Jurors in the Toyota liability trial in Minneapolis said Monday that they could not reach a unanimous verdict, but were told by federal Judge Ann Montgomery to keep deliberating.

The surprise development came at 11:15 a.m., when the jurors sent Montgomery a note that read, "At this point in time we feel unable to come to a unanimous decision." The jurors then left for lunch.

Montgomery called lawyers for both sides and convened a session at 12:30 p.m. She asked jurors to resume deliberations "to try to reach an agreement if you can do so without violating your conscience."

The jurors left the U.S. Courthouse in Minneapolis at 4:30 p.m. and will resume deliberations on Tuesday.

The trial involves a lawsuit filed after a June 10, 2006, crash in St. Paul in which a 1996 Toyota Camry rear-ended a 1995 Oldsmobile Ciera. Three people died as a result of the crash and the Camry's driver, Koua Fong Lee, served more than two years in prison for criminal vehicular homicide.

Lee, 37, and members of his family who were in the Camry joined with the families and passengers from the Ciera in the suit, which claims that defective equipment caused the Camry to accelerate suddenly.

Toyota says that the Camry accelerator worked perfectly and that Lee caused the crash by hitting the gas pedal, rather than the brakes.

The jury began deliberations Wednesday afternoon after a three-week trial.

It met again Thursday and Friday, then adjourned for the weekend, resuming deliberations at 9 a.m. Monday. After two hours and 15 minutes, it reported the impasse.

Montgomery read the jurors standard instructions given in the Eighth U.S. Circuit Court of Appeals to a jury that says it can't reach a unanimous verdict. "When you deliberate," Montgomery told the jurors, "you should be willing to re-examine your own views and change your mind if you decide that you were mistaken." She told them to take all the time they need.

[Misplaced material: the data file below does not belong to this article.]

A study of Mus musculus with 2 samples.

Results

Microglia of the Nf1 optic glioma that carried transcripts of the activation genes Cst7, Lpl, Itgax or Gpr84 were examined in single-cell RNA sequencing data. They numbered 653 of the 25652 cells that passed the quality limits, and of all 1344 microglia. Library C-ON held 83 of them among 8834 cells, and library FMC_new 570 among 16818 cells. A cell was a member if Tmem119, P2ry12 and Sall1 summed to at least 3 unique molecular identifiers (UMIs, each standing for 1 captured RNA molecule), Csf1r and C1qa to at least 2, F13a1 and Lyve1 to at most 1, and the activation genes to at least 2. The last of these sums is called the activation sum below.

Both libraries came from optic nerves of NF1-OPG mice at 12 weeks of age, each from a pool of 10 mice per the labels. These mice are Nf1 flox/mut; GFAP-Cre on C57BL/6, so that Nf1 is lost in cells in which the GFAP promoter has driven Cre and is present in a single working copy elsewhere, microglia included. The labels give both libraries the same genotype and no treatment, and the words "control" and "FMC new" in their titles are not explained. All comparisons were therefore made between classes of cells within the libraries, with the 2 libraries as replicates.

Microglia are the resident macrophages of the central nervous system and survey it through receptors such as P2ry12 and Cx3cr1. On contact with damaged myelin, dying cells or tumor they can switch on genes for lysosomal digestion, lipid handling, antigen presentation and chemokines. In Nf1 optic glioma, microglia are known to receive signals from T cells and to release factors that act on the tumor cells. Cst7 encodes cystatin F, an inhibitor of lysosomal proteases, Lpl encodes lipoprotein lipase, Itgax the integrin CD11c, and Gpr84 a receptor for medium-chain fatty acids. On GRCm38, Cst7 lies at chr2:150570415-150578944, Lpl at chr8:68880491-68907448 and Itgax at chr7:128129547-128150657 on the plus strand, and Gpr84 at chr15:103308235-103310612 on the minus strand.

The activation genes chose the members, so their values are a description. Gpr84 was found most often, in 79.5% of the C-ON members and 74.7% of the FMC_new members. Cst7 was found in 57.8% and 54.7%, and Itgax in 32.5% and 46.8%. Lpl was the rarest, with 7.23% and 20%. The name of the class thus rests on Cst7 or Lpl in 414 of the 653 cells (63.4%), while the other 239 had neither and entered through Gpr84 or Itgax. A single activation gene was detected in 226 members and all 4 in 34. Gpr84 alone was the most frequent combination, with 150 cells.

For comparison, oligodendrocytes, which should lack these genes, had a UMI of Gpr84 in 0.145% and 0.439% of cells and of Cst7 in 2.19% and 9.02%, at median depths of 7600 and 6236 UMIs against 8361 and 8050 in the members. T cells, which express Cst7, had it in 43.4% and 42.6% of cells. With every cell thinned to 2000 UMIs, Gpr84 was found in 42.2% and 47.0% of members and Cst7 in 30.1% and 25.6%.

Bob Hilliard, Lee's attorney, said in an interview after the session, "In complicated cases it takes some time and some deliberations to get to a unanimous decision on any one issue. I'm optimistic that they have gotten past that and are deliberating on other issues."

Toyota's attorneys declined to comment.

St. Paul attorney Bill Tilton, who has attended some of the trial, said he was not surprised that the jury was struggling. "There is strong evidence on both sides," he said.

Last summer, jurors reached an impasse in the defamation lawsuit filed by former Minnesota Gov. Jesse Ventura against the estate of Chris Kyle, the late author of the bestselling memoir "American Sniper."

Jurors in that case sent U.S. District Judge Richard Kyle a note saying they could not reach a unanimous verdict. Kyle sent them back to deliberate, but they remained split, and after consulting with both sides, Kyle asked the jurors if they could agree in an 11-1 vote. They said they could not, but they could agree on a 10-2 vote.

Not knowing how it would turn out, attorneys for both sides accepted the split, which turned out to be in Ventura's favor. He won a $1.8 million verdict, which is now on appeal to the Eighth Circuit.

Attorneys for Lee and the families have not specified the amount of damages they are seeking. But they asked the jury in closing arguments to consider the millions of dollars they said Toyota has spent defending itself in the case.